The much anticipated Q2 earnings season kicked off this week with investors eager to see how companies have fared through the depths of the economic shutdown and look for any indication on outlook. Many of the large U.S. banks reported this week noting strength in their trading segments due to heightened market volatility during the quarter. However, the overall tone was cautious with large reserves being set aside for expected losses from looming loan defaults. Delta also reported earnings earlier in the week confirming a catastrophic quarter for airlines and expectations for a very slow road to recovery for the industry in particular. Two of the largest stocks in the S&P 500, Amazon and Microsoft, took a heavy breather, down over 7% and 5% respectively for the week. QQQ which is a proxy for technology and large growth stocks was down as well while broader U.S. indexes closed in the green. Despite some positive developments on the vaccine front, the immediate focus has been on what is next regarding a stimulus as many measures are set to expire soon and reopening efforts stall with surges in coronavirus cases nationwide.
S&P 500: 3224 (1.25%)
FTSE All-World ex-US (VEU): (0.99%)
US 10 Year Treasury Yield: 0.64 (-0.01)
Gold: $1,810.60 (+0.63%)
EUR/USD: 1.1431 (+1.16%)
- Monday – Tesla stock jumped as much as 16% intraday before closing down 3% Monday. 40,000 Robinhood accounts added shares of Tesla during a four-hour period during the trading day.
- Monday – California’s Governor Gavin Newsom announced statewide closing of all indoor operations of bars, restaurants, and movie theaters due to the increase in coronavirus cases with additional restrictions on harder hit counties.
- Tuesday – JP Morgan reported earnings that beat estimates on the back of strong trading revenue but warned of continued economic uncertainty and the need for large cash reserves set aside.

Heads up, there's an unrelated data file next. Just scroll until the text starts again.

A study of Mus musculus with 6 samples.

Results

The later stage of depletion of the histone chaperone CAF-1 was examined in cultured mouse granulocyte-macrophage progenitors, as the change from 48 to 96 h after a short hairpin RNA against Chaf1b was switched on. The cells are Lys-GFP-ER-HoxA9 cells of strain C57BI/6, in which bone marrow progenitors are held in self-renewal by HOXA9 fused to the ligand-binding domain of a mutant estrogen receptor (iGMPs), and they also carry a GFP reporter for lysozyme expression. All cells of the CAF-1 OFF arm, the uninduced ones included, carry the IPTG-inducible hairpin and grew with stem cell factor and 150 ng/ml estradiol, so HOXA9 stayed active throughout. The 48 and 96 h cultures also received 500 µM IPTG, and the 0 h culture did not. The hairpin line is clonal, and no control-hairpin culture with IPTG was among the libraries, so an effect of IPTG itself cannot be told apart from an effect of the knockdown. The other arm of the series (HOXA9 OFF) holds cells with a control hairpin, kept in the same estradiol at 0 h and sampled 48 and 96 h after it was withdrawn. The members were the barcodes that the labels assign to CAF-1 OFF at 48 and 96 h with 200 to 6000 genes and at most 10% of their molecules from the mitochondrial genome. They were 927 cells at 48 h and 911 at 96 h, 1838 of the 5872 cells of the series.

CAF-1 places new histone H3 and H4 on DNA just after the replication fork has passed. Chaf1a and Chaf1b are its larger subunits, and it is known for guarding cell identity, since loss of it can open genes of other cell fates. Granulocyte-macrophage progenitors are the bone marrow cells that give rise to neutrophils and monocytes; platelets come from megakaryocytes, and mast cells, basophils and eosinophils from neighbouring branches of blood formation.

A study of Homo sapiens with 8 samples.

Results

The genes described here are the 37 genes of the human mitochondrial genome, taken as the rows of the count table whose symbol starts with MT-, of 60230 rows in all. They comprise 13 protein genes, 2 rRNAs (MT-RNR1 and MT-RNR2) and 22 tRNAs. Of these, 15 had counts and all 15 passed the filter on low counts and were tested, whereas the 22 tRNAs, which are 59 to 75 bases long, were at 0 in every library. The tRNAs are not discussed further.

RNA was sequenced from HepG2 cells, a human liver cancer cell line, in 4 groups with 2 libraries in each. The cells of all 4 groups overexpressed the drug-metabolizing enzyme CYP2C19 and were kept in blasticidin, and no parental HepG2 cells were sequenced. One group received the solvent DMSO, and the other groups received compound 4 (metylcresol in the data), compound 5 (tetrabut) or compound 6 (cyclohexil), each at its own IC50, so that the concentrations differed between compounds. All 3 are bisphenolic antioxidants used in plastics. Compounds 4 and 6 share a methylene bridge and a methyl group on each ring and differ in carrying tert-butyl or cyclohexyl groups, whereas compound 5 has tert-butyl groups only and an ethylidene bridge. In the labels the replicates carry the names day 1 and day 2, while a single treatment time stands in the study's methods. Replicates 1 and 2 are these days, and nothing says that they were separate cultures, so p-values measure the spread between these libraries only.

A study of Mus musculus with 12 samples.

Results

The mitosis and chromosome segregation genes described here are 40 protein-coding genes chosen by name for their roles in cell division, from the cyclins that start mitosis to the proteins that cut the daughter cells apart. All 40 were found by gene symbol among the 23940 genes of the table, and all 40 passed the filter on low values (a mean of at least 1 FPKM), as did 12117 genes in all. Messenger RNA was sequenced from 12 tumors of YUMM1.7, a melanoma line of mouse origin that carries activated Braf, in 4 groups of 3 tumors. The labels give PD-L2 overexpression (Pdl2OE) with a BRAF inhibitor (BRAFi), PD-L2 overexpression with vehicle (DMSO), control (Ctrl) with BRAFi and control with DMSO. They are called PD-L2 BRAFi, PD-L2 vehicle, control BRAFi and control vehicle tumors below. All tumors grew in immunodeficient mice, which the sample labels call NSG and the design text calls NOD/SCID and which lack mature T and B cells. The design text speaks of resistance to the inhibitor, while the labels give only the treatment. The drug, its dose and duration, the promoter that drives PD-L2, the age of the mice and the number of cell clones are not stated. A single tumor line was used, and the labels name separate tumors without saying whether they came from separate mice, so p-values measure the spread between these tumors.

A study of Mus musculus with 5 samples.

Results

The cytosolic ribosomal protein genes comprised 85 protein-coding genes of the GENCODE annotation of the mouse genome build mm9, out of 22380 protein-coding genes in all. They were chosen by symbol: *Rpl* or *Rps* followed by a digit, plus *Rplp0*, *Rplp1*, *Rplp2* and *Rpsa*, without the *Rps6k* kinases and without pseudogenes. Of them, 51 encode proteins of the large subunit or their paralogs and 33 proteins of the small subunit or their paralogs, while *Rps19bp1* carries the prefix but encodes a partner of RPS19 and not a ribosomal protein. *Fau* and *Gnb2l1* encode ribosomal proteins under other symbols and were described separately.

- Wednesday – Moderna released positive results from a recent coronavirus vaccine trial that showed all patients produced neutralizing antibodies.
- Thursday – Netflix stock dropped 10% in after hours trading following the company’s earnings release. The company forecasted a slowdown in user subscription growth and named Ted Sarandos co-chief executive officer.
- Thursday – The average rate on a 30-year fixed rate mortgage dropped to a fresh all-time low of 2.98%.
- Friday – California ordered the hardest hit counties to postpone opening schools and will require an online only approach until coronavirus case counts in the state improve.
The deadline is approaching for leaders in Washington to make some critical decisions regarding stimulus measures to be put in place to help weather the fallout of the pandemic for both individuals and businesses. The bazookas fired by the federal government starting in March were enough to provide short-term support for financial markets and the economy, but questions remain about the sustainability and path forward.
A recent Bloomberg news article published a compiled stimulus expiration timeline as shown here:
As it stands now, there continues to be gridlock over what benefits should be extended and how much. As it relates to unemployed individuals, the expiration of the weekly $600 federal unemployment insurance at the end of the month is of the utmost concern. The major point of contention is that some individuals received more money collecting unemployment benefits than what they made when employed, potentially disincentivizing reentering the workforce. We think they will likely extend these unemployment benefits, but on a modified form. Two potential possibilities being floated are to cap benefits at the amount made when previously employed, or to redistribute a portion of the funds as a “back to work bonus.”
We expect these looming uncertainties to spark renewed volatility in the stock market. It will be a tough job for leaders to make these decisions with the information at hand. As cases continue to surge and efforts to reopen the economy stall, we do not expect a change to the “whatever it takes approach” any time soon. The Fed has already stated its plan to keep rates low for the foreseeable future due to severe economic damage that will take significant time to repair such as reducing the massive unemployment rate. This has been seemingly necessary to battle the immediate crisis at hand but means kicking the can down the road when it comes to confronting future ramification of unprecedented amounts of government stimulus.